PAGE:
Allan Swann
April 9, 2013

For some reason a series of techno-pundits have gotten themselves worked into a lather over Facebook Home, a new Android Skin that basically attempts to merge Facebook with every facet of your Android phone.

It isn’t quite an app, and it certainly isn’t a new build of Android (like the Nook or Kindle Fire did). It is quite boring.

Don’t worry, I suspect it will pass in the night like the rest of Facebook’s weird experiments in this area.

HTC First will be the first phone to use Facebook Home (it will then be available as an app for all other Android users), and it basically makes your Facebook feeds appear on your homepage – plus a few other minor tweaks.

Unfortunately for most, Android and Apple’s notification bars take care of this quite nicely already, as do the apps on both platforms.

HTC recently unveiled Blinkfeed on its new HTC One phone, which essentially does the same thing – it produces a live newsfeed with your tweets and Facebook posts interspersed (similar to the Flipbook app).

Do we really need to go any further than that? Not really, but Facebook has tons of money and has been eager to make moves in the mobile space, since it’s botched public listing last year. The problem for Facebook back then was proving it’s monetisation abilities – namely, most couldn’t figure out how Facebook would make any money. It has resolved that somewhat, by filling most users home screens with tailored ads (with the requisite privacy issues along the way) – Facebook Home is apparently the next step. Analysts remain a bit disappointed because they have been rumour-mongering about a Facebook phone for nearly two years (I don’t include the previous HTC phones that had Facebook buttons on them in this summation, obviously), and this might’ve seemed like a cop out to them. It is. But then again, a Facebook phone would make little sense either.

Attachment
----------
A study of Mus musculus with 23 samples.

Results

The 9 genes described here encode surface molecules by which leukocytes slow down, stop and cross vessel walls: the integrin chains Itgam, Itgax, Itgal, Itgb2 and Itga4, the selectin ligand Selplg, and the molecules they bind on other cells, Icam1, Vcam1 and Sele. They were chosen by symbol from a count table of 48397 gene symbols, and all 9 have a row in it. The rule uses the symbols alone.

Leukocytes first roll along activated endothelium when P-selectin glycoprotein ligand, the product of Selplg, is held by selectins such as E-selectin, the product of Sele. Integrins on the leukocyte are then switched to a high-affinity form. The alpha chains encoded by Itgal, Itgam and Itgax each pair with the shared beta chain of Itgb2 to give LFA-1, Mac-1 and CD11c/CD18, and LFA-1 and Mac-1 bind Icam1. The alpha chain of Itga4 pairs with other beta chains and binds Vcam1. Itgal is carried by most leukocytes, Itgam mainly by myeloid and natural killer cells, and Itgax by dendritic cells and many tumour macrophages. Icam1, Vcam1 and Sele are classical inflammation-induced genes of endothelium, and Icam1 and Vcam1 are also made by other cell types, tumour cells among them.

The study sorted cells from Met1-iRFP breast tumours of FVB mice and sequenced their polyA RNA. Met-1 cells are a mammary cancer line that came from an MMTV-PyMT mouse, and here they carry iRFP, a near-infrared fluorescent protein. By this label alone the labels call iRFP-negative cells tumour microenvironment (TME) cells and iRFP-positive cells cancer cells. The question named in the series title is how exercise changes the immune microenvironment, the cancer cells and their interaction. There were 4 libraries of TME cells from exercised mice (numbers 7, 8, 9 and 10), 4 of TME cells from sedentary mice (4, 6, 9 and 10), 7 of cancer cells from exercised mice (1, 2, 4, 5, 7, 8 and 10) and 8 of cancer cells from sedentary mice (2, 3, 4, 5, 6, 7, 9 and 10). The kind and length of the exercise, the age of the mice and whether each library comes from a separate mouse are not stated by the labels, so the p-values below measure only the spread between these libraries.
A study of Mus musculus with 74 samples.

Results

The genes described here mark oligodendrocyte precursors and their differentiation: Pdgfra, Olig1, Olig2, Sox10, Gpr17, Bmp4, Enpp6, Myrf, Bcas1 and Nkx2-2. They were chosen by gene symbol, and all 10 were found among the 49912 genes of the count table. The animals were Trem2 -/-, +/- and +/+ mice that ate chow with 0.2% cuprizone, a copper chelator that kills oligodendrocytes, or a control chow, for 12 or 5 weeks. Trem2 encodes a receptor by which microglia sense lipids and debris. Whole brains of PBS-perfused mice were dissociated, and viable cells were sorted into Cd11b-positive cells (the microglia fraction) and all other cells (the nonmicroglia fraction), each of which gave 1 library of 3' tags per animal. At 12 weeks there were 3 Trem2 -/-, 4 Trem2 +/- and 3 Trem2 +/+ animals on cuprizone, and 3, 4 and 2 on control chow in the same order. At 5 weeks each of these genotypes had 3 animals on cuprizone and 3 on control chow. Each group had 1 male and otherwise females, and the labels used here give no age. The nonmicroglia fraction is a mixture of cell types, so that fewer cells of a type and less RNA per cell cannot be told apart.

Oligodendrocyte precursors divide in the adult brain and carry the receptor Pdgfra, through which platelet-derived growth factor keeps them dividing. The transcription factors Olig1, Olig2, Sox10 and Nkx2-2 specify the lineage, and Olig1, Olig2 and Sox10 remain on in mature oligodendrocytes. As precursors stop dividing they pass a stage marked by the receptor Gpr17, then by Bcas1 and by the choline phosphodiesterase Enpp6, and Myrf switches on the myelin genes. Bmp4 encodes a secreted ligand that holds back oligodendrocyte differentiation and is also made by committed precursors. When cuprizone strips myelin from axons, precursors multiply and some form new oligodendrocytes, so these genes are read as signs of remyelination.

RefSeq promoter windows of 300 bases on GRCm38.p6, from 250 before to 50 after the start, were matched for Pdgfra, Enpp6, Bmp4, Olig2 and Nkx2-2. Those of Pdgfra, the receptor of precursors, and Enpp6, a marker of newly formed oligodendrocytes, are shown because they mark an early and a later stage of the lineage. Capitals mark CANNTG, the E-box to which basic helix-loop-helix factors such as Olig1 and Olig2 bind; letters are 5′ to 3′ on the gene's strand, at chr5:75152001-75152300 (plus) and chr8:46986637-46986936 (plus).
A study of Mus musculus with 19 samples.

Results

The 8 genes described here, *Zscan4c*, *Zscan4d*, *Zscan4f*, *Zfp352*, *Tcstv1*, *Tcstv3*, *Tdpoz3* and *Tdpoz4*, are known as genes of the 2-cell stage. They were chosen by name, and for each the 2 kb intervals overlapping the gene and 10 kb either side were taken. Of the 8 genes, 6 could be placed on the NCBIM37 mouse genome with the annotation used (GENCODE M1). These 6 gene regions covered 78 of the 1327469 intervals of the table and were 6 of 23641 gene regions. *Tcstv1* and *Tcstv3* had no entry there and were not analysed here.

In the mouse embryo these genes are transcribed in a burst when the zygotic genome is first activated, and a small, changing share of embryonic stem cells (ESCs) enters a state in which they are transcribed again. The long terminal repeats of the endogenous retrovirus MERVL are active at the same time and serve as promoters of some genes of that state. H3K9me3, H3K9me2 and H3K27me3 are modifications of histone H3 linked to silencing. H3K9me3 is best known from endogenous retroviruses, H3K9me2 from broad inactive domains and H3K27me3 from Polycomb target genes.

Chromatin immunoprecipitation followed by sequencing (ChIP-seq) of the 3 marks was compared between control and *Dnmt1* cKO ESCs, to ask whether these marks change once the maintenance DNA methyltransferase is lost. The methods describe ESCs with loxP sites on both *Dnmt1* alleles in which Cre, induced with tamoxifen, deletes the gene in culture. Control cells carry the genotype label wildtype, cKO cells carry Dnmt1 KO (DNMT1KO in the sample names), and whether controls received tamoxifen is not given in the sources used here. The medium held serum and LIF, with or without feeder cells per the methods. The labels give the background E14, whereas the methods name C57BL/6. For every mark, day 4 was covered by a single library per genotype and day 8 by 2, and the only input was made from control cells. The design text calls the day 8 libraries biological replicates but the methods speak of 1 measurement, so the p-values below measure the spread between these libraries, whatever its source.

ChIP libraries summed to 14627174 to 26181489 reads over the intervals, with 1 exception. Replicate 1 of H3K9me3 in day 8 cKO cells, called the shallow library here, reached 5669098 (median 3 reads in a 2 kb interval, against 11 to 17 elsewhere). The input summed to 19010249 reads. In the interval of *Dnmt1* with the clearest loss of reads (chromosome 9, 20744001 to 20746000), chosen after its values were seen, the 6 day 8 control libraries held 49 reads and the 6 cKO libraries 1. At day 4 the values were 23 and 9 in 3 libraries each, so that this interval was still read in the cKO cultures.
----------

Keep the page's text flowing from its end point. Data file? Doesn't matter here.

At launch, it will only be available on some Android 4.0+ devices (from April 12), such as the HTC One and Samsung Galaxy S4, which also gives it a limited market share to work with too.

We need to be honest here, Facebook Home (unless it is drastically revised before release) is simply a glorified launcher for Facebook that spams your mobile’s home page. Unless it came pre-installed on your device, I’d struggle to understand why any user would deliberately give up control of their phone in this way, even if they were the most Facebook-addicted user alive.

We don’t know yet, but given the company’s increasingly bitter feud with Twitter, I imagine Twitter and other competing platforms will be firmly placed in the background.  We already know that mobile apps like Gmail, Google Maps, WhatsApp and Evernote are will still be there, but we may have to work harder to get to them. This stinks of anti-competitiveness to me.

Facebook appears to be attempting to build its own internet within the internet – a community users never need to leave (they can already IM chat, and send emails, and visit external websites inside Facebook) – and this stinks of the early days of the internet, where closed garden communities such as AOL stifled its growth. The sounds coming out of the Facebook team in recent years seem to be high-concept babble suggesting that they feel they can replace the entire internet with Facebook. I tell you right now, this is not happening. Least of all because of the company’s reputation for privacy invasion. Humans like to spread their risk.

Do users really want to surrender their entire mobile lives to Facebook, sidelining everything else? No. Anyone that suggests that the Google Android and the rest will be under any stress from this announcement are kidding themselves.